Leading the Way in Onion Cultivation

Chandran Chaliyakath, hailing from Cheruvannur, has scripted a success story in onion farming.

Published: 01st May 2014 09:18 AM  |   Last Updated: 01st May 2014 09:21 AM   |  A+A-


Chandran Chaliyakath, hailing from Cheruvannur, is a businessman by profession. But the blooming Mumbai onion plants on the terrace of his house speak of the man’s attachment to farming.

For Chandran, onion was a costly vegetable which he used to buy from the market, till he participated in the Athma training camps, which were initiated by the State Agricultural Department.

“Belonging to an agricultural family, I was fond of farming. My passion to develop a farm garden got a fillip as I attended a few of the Athma agricultural training camps held at Vellayani, Mannuthi and Kasargod. But the space limitations in my house and premises remained a major impediment,” says Chandran.

“When I built a new house in Cheruvannur, I decided to develop a farm garden on the terrace of my  house. Actually I owe my gratitude to the agricultural officers who encouraged me to attend the Athma training camps,” says Chandran.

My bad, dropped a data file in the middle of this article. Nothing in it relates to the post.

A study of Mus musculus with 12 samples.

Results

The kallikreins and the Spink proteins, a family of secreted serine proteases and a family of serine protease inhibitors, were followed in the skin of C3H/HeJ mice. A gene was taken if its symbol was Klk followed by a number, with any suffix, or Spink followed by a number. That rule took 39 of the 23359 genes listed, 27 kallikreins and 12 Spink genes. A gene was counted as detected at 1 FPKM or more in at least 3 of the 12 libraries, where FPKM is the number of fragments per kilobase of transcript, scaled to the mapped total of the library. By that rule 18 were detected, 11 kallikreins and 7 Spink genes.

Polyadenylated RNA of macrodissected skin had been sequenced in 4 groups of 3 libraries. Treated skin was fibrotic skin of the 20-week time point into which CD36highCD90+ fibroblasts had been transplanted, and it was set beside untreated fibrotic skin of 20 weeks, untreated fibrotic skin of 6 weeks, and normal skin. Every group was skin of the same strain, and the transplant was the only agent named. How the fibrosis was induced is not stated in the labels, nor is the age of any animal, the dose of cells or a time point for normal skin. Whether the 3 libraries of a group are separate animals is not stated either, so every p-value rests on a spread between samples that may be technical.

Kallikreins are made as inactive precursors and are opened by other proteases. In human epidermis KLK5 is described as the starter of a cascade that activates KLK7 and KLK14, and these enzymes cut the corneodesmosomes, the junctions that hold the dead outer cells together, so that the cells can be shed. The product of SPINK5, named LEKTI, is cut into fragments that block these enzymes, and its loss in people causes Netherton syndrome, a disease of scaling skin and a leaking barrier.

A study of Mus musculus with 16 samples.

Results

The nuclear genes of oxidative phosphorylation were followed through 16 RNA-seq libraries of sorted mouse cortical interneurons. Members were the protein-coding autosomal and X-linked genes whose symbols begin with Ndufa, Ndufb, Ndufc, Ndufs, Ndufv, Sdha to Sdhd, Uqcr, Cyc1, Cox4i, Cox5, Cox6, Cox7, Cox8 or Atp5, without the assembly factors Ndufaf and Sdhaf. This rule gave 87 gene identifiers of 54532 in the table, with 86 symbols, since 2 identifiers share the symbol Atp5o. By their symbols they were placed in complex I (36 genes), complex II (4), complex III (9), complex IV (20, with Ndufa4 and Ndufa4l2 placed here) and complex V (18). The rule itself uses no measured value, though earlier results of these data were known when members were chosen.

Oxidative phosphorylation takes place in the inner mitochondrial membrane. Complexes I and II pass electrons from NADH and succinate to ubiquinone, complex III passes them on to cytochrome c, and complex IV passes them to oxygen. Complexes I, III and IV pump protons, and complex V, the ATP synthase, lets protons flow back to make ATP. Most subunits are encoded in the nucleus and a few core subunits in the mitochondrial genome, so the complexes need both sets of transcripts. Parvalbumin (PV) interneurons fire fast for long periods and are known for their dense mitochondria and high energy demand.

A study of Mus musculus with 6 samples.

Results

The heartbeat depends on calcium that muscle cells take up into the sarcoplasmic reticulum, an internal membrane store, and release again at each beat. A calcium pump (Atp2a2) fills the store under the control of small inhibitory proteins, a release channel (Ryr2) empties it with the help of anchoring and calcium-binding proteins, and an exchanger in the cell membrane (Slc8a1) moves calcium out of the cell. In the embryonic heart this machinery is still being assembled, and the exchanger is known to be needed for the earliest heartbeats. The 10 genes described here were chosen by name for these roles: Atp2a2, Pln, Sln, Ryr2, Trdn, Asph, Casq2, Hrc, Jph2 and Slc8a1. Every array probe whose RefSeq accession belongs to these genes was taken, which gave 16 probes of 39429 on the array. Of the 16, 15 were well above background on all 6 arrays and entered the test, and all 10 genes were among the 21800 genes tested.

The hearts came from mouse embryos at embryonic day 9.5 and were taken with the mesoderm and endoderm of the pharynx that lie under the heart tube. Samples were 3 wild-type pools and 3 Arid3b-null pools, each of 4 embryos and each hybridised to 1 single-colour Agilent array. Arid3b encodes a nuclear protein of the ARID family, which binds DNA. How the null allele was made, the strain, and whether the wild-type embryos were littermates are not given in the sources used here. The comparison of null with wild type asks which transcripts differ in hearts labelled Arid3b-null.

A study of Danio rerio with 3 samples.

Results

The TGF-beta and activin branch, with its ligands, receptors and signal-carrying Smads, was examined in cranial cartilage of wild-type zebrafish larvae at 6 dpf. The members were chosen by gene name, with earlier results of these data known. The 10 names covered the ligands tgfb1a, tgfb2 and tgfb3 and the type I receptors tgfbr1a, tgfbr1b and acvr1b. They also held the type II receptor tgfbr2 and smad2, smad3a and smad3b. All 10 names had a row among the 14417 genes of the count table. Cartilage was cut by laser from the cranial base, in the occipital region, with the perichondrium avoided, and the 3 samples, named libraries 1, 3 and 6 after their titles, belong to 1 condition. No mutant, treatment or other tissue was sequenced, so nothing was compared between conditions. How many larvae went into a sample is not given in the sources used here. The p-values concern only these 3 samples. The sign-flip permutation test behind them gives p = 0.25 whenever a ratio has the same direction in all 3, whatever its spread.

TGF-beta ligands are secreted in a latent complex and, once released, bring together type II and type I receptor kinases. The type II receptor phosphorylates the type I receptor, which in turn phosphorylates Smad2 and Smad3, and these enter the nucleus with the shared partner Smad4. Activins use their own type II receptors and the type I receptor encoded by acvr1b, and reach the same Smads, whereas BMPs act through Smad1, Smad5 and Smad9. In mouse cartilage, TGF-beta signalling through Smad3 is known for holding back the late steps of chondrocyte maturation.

While Chandran set up the farm garden, he was not sure about its  success. But it became a rewarding venture gradually as his family members and relatives extended all possible help.

“During the primary phase of farm gardening, I cultivated common vegetables such as ladies finger, brinjal, bitter gourd and moong bean. My brother-in-law Ajayan is working with the wooden industry at Nasik in Maharashtra, the national hub of onions. Incidentally he carried some seeds of Mumbai onion with him during a vacation to his house. Four years ago, when I got the seeds I took it as a challenge to script a success story in onion farming,” he says.

“It was easy to get the plastic cans from the nearby chappal factories. I sowed the seeds in 30 cans and it was delightful to see the small onion plants growing in the cans,” says Chandran. According to Chandran, sacks turn futile after they are used for farming once.

Being an advocate of organic farming, Chandran uses a mixture of cow dung, coconut cakes and peanut cakes as manure for the onion plants.

“It is really satisfactory to consume organic vegetables and supply them to our dear ones in this age of pesticide-sprayed vegetables,” says Rajitha, Chandran’s wife.

The farmer is ready to share his knowledge and techniques about  onion farming to others.

Lending a helping hand to their father’s passion are Ashna, Chandran’s daughter, and Ashin, his son.